Analysis and Conclusion

 
 
By Loyd Case  |  Posted 2003-02-12 Email Print this article Print
 
 
 
 
 
 
 


In summary, the 5000DV is a sweet device for backing up data from big hard drives. At somewhat under $400, its not cheap, but could serve a small office or departmental server well. Of course you wouldnt want to use a single device based on an ATA hard drive as your sole backup in a mission-critical environment. The 5000DV can also be a great drive for storing vast amounts of any type of data. You can keep your home movies or MP3 music files on it, so you can carry around your music library. You wouldnt want to use it as drive for running applications, though, due to the high CPU utilization. Since neither FireWire or USB 2.0 uses DMA transfers, the host CPU gets involved in managing data transfers. The drive is also quiet. If theres a fan, we couldnt hear it above the general PC noise. Note that the drive always on -- theres no power switch -- but since this is a secondary storage device, its mostly just spinning, not moving heads around. Overall, we were pretty impressed with the overall polish of the 5000DV.
We cant draw general conclusions about the differences of its performance between FireWire and USB 2.0 here, though. The Maxtor 5000DV uses two different microcontrollers to bridge ATA to the two different interfaces. FireWire-to-ATAPI bridge chores are handled by an Oxford OXFW911 bridge chip. A Cypress CY7C68013-56PVC is used as the core for the USB2-to-ATAPI bridge. There are substantial differences between the two controllers.
The Oxford chip uses an ARM7, 32-bit processor core, while the Cypress controller uses an older, 8051 type CPU core. The difference in computational power alone could account for differences in transfer rates. Interestingly, Oxford has recently released the OXFW922, which supports 1394b (aka "FireWire 2") at 800mb/sec and USB 2.0. It will be interesting to check out drives that use the single, combo chip. Or it could simply be that the FireWire protocol is more effective for streaming data transfers, as it was originally designed with such usage in mind. Until we have relatively equivalent controllers, its hard to make any definitive statements. Esoteric issues of embedded controllers aside, the Maxtor 5000DV provides a robust solution for backup of small office PCs and networks. Its polished, easy to use, quiet and capacious. What more could you ask from a backup device?


 
 
 
 
Loyd Case came to computing by way of physical chemistry. He began modestly on a DEC PDP-11 by learning the intricacies of the TROFF text formatter while working on his master's thesis. After a brief, painful stint as an analytical chemist, he took over a laboratory network at Lockheed in the early 80's and never looked back. His first 'real' computer was an HP 1000 RTE-6/VM system.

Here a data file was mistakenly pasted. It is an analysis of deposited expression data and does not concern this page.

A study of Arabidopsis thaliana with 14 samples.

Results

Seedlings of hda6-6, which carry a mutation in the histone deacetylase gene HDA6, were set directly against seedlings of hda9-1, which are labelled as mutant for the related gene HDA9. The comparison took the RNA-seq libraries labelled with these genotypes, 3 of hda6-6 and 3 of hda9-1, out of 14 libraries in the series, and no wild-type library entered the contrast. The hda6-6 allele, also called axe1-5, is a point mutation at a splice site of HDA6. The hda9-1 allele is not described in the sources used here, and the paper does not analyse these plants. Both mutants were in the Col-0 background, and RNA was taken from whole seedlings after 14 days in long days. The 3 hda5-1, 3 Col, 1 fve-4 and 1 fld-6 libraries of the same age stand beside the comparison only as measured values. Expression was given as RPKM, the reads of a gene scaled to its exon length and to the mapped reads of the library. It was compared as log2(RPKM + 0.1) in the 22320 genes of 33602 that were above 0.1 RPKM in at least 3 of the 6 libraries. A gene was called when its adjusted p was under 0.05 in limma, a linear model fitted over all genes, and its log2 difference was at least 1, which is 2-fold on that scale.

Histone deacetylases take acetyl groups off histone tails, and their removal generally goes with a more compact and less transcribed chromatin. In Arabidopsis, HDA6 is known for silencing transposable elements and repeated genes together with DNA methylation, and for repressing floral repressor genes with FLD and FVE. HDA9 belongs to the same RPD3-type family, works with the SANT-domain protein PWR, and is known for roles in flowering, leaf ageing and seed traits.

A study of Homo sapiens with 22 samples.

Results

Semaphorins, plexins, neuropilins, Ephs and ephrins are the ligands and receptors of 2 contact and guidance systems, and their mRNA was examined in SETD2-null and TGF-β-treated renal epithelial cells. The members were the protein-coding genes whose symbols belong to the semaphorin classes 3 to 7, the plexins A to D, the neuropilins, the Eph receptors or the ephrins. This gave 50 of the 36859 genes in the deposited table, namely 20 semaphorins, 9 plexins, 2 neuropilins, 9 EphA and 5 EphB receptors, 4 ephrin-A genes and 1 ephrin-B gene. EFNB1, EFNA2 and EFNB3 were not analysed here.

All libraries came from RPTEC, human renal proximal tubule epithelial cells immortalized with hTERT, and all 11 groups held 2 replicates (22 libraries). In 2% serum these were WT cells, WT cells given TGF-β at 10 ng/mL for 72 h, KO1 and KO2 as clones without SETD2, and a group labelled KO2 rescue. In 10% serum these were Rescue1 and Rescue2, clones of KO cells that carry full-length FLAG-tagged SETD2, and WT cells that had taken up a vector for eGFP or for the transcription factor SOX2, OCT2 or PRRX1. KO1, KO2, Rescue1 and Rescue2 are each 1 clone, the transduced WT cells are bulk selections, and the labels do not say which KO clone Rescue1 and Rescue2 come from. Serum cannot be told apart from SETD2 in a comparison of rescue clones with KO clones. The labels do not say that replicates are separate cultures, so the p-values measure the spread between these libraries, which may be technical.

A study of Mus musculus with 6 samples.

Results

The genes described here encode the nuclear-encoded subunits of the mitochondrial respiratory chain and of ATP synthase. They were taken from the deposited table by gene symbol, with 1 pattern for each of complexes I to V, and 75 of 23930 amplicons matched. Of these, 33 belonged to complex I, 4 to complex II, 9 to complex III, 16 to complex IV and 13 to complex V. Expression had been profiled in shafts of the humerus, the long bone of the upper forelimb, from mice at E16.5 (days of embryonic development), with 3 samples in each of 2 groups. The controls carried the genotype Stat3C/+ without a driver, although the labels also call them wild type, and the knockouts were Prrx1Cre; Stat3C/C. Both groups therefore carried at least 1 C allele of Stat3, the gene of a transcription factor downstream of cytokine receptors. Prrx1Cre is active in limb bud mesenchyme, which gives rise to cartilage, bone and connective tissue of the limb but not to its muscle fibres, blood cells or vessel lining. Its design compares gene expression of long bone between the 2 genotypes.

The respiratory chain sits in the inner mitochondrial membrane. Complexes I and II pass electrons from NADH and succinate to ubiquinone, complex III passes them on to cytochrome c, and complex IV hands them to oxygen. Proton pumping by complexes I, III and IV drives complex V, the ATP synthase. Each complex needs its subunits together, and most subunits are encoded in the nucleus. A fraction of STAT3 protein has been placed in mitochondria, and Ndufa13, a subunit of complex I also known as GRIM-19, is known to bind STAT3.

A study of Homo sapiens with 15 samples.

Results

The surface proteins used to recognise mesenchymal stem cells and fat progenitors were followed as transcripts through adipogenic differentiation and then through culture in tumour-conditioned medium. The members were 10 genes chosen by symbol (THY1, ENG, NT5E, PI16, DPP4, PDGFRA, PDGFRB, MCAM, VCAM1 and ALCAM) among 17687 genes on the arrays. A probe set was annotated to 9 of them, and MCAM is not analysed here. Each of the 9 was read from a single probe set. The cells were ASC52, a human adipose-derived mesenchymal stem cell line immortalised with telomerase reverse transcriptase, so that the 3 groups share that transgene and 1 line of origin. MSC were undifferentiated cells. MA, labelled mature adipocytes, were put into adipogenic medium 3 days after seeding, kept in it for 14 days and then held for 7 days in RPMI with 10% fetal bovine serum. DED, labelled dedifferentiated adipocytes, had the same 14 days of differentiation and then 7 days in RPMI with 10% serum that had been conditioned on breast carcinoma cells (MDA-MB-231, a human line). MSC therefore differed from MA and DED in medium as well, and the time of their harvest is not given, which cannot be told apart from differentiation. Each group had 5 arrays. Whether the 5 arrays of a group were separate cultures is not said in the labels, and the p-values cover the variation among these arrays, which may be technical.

In 1988, he figured out that building his own PC was vastly more interesting than buying off-the-shelf systems ad he ditched his aging Compaq portable. The Sony 3.5-inch floppy drive from his first homebrew rig is still running today. Since then, he's done some programming, been a systems engineer for Hewlett-Packard, worked in technical marketing in the workstation biz, and even dabbled in 3-D modeling and Web design during the Web's early years.

Loyd was also bitten by the writing bug at a very early age, and even has dim memories of reading his creative efforts to his third grade class. Later, he wrote for various user group magazines, culminating in a near-career ending incident at his employer when a humor-impaired senior manager took exception at one of his more flippant efforts. In 1994, Loyd took on the task of writing the first roundup of PC graphics cards for Computer Gaming World -- the first ever written specifically for computer gamers. A year later, Mike Weksler, then tech editor at Computer Gaming World, twisted his arm and forced him to start writing CGW's tech column. The gaming world -- and Loyd -- has never quite recovered despite repeated efforts to find a normal job. Now he's busy with the whole fatherhood thing, working hard to turn his two daughters into avid gamers. When he doesn't have his head buried inside a PC, he dabbles in downhill skiing, military history and home theater.